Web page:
From the July 8 Meretz USA e-newsletter
Until I read this morning’s Israeli newspapers, I thought I was going to use this platform to discuss the flotilla and the fly-in protest. After all, these two related campaigns have dominated the Israel-Palestine conversation for several weeks. It’s what everyone’s talking about.
But as I clicked through to the various articles in today’s Haaretz, I was disturbed to discover that, with all eyes glued to the Audacity of Hope, the Juliano Mer and the other flotilla vessels, Israel’s government was busy promoting some rather dreadful measures that too few are paying to attention to. So rather than write the thousand and first treatment of the Gaza situation (important issue though it is), I decided instead to discuss land expropriation, the ‘boycott bill’, and an initiative to undermine the funding of Israeli human rights organizations.
Let’s start with land. Although Chaim Levinson’s report on the issue is rather dry, his opening paragraph says it all: “For the first time in three years, [Israel] has confiscated uncultivated land in the West Bank. The land will be used to legalize a nearby settlement outpost.” The outpost in question, we learn, is “HaYovel”, which, according to Shalom Achshav’s Settlement Watch database, is a mile away from the nearest ‘authorized’ settlement, Eli. Eli, by the way, is well southeast of Ariel, and far, far away from the settlement bloc area that many feel should eventually be incorporated into Israel as part of a swap of territory with the Palestinians.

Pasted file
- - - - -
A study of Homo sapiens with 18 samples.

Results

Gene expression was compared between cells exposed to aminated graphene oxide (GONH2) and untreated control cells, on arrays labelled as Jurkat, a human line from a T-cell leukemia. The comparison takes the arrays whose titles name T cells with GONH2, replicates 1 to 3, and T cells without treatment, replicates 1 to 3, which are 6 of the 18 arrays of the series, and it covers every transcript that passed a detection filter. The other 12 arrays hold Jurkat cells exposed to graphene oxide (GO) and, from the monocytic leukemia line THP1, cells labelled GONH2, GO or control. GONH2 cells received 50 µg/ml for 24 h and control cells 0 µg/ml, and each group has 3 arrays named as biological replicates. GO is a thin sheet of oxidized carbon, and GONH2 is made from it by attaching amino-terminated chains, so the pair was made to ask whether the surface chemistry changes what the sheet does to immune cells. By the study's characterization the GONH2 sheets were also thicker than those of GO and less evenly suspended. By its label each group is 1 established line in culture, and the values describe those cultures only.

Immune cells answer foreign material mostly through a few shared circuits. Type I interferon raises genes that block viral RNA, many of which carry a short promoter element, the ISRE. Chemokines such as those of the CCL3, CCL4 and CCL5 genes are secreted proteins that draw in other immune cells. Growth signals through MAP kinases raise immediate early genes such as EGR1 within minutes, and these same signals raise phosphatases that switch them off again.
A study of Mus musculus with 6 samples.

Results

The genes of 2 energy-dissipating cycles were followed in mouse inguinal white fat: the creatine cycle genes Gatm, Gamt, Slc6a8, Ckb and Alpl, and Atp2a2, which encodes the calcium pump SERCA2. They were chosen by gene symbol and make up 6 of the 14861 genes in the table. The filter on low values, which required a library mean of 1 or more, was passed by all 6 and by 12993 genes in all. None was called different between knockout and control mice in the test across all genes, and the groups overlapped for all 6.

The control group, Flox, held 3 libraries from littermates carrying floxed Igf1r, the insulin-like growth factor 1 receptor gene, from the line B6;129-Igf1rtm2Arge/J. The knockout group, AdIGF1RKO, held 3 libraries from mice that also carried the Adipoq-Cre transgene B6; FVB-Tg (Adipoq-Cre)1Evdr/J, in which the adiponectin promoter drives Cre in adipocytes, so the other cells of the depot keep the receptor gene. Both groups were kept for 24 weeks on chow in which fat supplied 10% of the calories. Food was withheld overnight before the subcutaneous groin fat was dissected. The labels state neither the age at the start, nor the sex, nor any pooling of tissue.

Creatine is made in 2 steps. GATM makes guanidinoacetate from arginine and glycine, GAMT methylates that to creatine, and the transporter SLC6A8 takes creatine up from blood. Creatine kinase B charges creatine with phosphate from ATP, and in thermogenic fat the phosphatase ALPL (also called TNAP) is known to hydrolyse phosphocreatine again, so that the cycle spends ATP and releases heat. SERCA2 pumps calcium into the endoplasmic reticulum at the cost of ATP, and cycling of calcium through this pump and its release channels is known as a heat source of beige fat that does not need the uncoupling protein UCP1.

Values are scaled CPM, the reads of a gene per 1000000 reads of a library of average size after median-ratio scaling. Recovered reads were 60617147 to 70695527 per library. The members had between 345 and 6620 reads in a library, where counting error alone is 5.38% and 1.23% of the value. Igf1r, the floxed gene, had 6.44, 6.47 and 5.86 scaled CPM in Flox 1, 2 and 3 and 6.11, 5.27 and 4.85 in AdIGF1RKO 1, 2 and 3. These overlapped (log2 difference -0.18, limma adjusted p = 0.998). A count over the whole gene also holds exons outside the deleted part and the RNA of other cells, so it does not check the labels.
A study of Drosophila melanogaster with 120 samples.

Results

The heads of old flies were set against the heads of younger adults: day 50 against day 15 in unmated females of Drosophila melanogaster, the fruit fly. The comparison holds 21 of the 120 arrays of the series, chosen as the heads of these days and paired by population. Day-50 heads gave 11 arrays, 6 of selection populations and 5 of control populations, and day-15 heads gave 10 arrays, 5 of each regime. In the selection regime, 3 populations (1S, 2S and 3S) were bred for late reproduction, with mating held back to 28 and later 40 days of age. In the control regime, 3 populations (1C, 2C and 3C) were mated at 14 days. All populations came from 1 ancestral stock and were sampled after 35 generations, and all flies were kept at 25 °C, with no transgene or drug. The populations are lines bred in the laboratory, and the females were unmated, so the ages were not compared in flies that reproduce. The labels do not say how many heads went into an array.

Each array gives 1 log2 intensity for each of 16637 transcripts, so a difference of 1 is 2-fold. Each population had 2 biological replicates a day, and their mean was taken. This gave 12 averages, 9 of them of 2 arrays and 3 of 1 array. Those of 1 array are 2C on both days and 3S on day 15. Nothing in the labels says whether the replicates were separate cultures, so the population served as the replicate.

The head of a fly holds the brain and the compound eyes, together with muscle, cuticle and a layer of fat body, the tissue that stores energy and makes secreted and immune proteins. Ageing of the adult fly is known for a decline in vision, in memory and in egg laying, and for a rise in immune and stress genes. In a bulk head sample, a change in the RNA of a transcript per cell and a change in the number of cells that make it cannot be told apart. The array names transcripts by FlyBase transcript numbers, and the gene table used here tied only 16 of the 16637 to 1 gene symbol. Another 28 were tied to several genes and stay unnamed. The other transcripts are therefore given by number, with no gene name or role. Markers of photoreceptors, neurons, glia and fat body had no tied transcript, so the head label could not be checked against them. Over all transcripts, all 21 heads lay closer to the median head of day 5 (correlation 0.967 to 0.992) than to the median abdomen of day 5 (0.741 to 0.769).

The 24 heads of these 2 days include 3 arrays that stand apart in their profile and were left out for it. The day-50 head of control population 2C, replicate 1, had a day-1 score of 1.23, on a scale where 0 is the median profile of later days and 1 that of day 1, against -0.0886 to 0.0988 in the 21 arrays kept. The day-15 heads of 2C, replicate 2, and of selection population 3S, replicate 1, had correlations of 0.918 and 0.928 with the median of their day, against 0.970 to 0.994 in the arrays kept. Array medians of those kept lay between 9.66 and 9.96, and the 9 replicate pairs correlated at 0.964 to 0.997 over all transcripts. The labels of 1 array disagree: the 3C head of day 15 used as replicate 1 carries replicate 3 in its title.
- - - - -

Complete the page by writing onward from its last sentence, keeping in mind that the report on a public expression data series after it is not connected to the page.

So let me see if I have this right: At a time when Prime Minister Netanyahu insists he is interested in getting the Palestinians back to the bargaining table so that Israel can make a “generous” offer on territory (according to his speech to Congress), his government is deepening Israel’s hold on occupied areas that it supposedly has no desire to retain. Interesting.